Children's Colorado experts find surgery promising option for severely obese adolescents
When a bariatric surgeon and an endocrinologist specializing in diabetes examined the effectiveness of medical versus surgical management of type 2 diabetes in adolescents, the results of the surgical intervention proved to be promising. The research, led by Thomas H. Inge, MD, PhD, director of the Bariatric Surgery Center at Children's Hospital Colorado (Children's Colorado), and Philip Zeitler, MD, PhD, chair of endocrinology at Children's Colorado, is published in the March issue of JAMA Pediatrics. The recent study consisted of a secondary analysis of data from two longitudinal studies: Treatment Options for Type 2 Diabetes in Adolescents and Youth (TODAY) and Teen-Longitudinal Assessment of Bariatric Surgery (Teen-LABS).
Led by Dr. Zeitler, the National Institutes of Health (NIH)-funded TODAY trial ran between 2004 and 2009, and included 699 adolescents with type 2 diabetes from 15 centers across the U.S. The study was to determine which medical therapies were most effective at controlling type 2 diabetes in youth. Participants received metformin therapy alone or in combination with rosiglitazone. While addition of rosiglitazone to metformin reduced the loss of glycemic control by 23 percent, progression of diabetes was more rapid than in adults and neither medication prevented progression of diabetes or related complications, including cardiovascular risk and kidney damage.
"There has been a substantial increase in type 2 diabetes in the pediatric population, with more than 5,000 children and youth under the age of 20 diagnosed each year," said Dr. Zeitler. "Because of this increase and the potential medical complications that can accompany this condition, therapies are urgently needed that will achieve better control over blood sugar levels than standard medical management has in studies to date."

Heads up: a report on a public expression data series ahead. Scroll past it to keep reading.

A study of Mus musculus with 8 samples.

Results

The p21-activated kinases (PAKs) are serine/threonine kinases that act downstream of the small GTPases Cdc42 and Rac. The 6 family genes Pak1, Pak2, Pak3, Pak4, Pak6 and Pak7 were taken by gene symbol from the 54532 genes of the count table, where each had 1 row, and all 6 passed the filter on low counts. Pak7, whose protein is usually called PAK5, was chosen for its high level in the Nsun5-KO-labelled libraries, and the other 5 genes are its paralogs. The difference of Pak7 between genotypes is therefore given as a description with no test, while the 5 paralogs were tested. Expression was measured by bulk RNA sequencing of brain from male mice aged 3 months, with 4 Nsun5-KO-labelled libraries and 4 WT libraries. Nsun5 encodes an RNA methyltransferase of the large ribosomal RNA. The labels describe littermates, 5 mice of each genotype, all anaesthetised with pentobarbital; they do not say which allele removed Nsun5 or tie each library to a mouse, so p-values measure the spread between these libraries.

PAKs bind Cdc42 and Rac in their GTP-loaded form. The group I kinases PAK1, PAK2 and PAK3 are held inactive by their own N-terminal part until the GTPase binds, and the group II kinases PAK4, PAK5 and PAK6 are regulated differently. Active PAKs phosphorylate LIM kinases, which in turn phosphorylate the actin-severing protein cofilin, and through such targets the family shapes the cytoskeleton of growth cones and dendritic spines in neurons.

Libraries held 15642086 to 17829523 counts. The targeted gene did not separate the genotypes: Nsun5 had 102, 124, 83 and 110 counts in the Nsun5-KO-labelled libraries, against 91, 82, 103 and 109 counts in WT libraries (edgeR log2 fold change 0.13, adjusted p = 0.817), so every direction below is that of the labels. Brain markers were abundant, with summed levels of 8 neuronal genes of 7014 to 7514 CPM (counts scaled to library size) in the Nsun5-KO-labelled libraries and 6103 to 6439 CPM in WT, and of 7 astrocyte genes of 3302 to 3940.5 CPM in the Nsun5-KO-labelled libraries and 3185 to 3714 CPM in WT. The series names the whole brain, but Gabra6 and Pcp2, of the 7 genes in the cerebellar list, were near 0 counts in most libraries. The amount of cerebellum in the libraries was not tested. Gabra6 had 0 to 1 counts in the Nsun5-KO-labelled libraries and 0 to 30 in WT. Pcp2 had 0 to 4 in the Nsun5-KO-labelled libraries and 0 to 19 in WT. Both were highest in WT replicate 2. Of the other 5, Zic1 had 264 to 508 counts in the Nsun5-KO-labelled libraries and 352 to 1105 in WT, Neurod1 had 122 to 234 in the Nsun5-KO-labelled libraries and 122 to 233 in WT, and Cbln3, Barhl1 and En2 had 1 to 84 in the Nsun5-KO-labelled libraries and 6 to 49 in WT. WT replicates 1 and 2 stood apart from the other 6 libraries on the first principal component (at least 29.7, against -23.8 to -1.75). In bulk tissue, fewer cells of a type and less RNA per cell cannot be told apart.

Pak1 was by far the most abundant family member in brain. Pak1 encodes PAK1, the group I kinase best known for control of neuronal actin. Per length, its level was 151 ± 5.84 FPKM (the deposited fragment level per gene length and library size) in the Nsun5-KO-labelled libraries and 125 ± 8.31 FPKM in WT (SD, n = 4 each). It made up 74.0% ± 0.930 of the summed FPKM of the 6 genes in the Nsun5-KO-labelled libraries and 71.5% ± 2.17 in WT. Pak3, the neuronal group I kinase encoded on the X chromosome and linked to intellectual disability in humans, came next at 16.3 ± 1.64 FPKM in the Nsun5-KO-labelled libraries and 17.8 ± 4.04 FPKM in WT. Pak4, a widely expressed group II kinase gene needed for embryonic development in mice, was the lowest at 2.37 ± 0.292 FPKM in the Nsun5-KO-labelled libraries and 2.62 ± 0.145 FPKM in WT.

The NIH-funded Teen-LABS study led by Dr. Inge examined 242 adolescents who underwent bariatric surgery at five U.S. centers between 2007 and 2012. Thirty of the participants had type 2 diabetes at the time of their surgery. Data from this group of 30 was matched to 65 severely obese TODAY participants.
In comparing the data, the researchers found that adolescents with severe obesity and type 2 diabetes who received medical management experienced modest weight gain, progression of their type 2 diabetes, and no improvement in cardiovascular risk factors after two years. In contrast, the majority of adolescents who underwent surgical procedures in the Teen-LABS study experienced significant weight loss, normalization of blood glucose, and improvements in markers of cardiovascular health and kidney function over the same time period.
"The results of this study are certainly encouraging in terms of the potential benefits of bariatric surgery for severely obese adolescents with type 2 diabetes," said Dr. Inge. "While we were examining a relatively small number of participants, our hope is these findings will be useful to those contemplating bariatric surgery for their adolescent patients. We still have much to learn about the long-term effects of surgery relative to medical therapy, but our hope is this research will open the door for longer-term assessments of health outcomes related to both types of treatments."